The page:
The famous trilingual headstone, featuring parallel translations in Greek, Latin and Hebrew, dates from the 6th century and belongs to the grave of Meliosa, a young Jewish woman. It bears testimony to the Jewish community’s settlement in Tortosa. This epigraphic element provides proof that the Jews were present in the city even during ancient times. After the city was conquered by Ramon Berenguer IV in 1148, the count donated the old Arab shipyards to the Jewish community for the construction of 60 houses. And so, the old Jewish quarter was born. This is the earliest evidence of a quarter or neighbourhood inhabited exclusively by Jews in Tortosa. Later, at the beginning of the 13th century, a new Jewish quarter was built. This Jewish quarter has remained almost intact, and even now, the structure of the streets and some of the place names are the same. Tortosa’s Jewish quarter provides for a short but fascinating tour that draws us into its narrow white streets and takes us on a trip to the past.

The Synagogue. The first stop on our tour of Tortosa’s Jewish quarter is the site of the old synagogue. There are information panels and small maps throughout the Jewish quarter to help visitors find their bearings and locate the next landmark. The existence of a synagogue has been documented since the beginning of the 14th century. The synagogue, or temple of the Jews, was a place dedicated to prayer and religious ceremonies. In addition to the synagogues, there were also baths where purification rituals were carried out. Next, if we continue along Carrer de Jerusalem, we shall come to the Jewish butcher shop.

The Jewish butcher shop. On this same corner, but on Carrer d’en Fortó, stands the Jewish butcher shop. Belonging to the Christian Sentmenat family and subleased by the Jews, the butcher shop was managed by the aljama or community government, which provided the means required to ensure that the meat was purified, or kosher.

The Jewish quarter oven. The oven, known as the Forn del Senyor Rei, still stood at the end of Carrer d’en Fortó in the 17th century. The aljama had institutions and establishments to provide basic functions, and one of these was the Jewish quarter oven, where Jews baked unleavened bread. The oven was an important source of income for the city. The Montcada family and the Order of the Temple benefited from charging rent for baking bread in the Jewish quarter oven in the Middle Ages.


The pottery. If we turn towards Carrer Major de Remolins, we come to the site where the pottery stood. The Islamic pottery tradition can be traced back to the Late Middle Ages and was carried out in the neighbourhood of Remolins from the late 19th century to the first half of the 20th century. Dedicated to the production of ceramic containers for domestic and agricultural use, the building was also used for housing. The ground floor courtyard still conserves the circular oven that was used to bake the clay. If we continue along the same street, we shall come to the building known as the Synagogue, or the Casa de Sant Jordi.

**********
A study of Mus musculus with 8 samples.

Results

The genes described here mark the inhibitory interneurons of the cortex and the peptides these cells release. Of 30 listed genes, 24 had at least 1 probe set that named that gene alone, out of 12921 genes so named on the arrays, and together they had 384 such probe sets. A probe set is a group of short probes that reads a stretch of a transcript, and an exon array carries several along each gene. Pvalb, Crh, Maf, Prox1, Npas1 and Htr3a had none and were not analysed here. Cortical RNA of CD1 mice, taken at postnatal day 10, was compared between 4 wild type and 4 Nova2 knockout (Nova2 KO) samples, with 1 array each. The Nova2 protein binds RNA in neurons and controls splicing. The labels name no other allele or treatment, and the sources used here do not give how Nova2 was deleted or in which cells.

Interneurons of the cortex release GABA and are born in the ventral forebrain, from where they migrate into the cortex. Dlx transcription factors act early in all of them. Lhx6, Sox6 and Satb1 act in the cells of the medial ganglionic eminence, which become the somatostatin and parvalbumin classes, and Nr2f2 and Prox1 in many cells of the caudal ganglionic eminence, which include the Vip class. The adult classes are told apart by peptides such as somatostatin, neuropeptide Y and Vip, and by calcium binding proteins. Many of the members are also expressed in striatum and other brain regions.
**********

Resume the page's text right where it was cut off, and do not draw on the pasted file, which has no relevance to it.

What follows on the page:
Synagogue or Casa de Sant Jordi. This building, popularly known as the Synagogue, is medieval in origin. It was built in the 14th century as a hospital. In the 18th century, the property was converted into cavalry barracks and became known as the Quarter del Príncep or the Quarter de Remolins. Here we can see the foundations of the 14th-century walls.

The foundations of the 14th-century walls. The urban restructuring project that involved construction of the expansion district during the 19th century led to the demolition of the section of the wall that ran from the Célio or Grossa de Vimpeçol Tower to the Vimpeçol de Ribarech or Rodona Tower, which stood on the banks of the river. From this stretch of wall, it is still possible to follow the trail that runs parallel to Barranc del Cèlio. The Vimpeçol gate, which was located at the top of Carrer Major de Remolins, was one of the main entrances to the city, as it linked the towns on the left bank of the river and was the exit to the Royal Road to Zaragoza.


Célio Tower. This area of fortification extends along the north side of the city’s walled enclosure, where the neighbourhood of Remolins is located. Its layout and a large section of the parapet walk have been preserved intact. Most of it corresponds to a stretch of wall, except for the fortified towers at both ends, at the bottom of the cliff. These are the so-called Célio or Grossa Tower and, in the highest part, the remains of two square towers that have been incorporated into the structure of the fortified complex known as the Sant Joan outposts, to which they are attached. It is a short walk from the walls to the charming Jews’ gate.


The Jews’ gate. Standing right in the middle of the 14th-century medieval wall that led to the Jewish quarter is the Jews’ gate, which provided access to the Jewish burial ground and the gardens located outside the walls of the city. The gate was used as an alternative exit from the walled area whenever the Ebro river flooded. Once we have seen the Jews’ gate, we shall go back a short distance and head onto Carrer de la Vilanova.

Carrer de la Vilanova. The labyrinthine structure of the Jewish quarter is interrupted by this street, whose linear layout and width make it unique. It was constructed at the beginning of the 15th century, when houses and hostels were torn down to give the street its current appearance and structure.


Finally, our tour of Tortosa’s Jewish quarter concludes in the beautiful Plaça de la Figuereta, which retains an ancient well that stands in the centre of a space filled with pure tranquillity.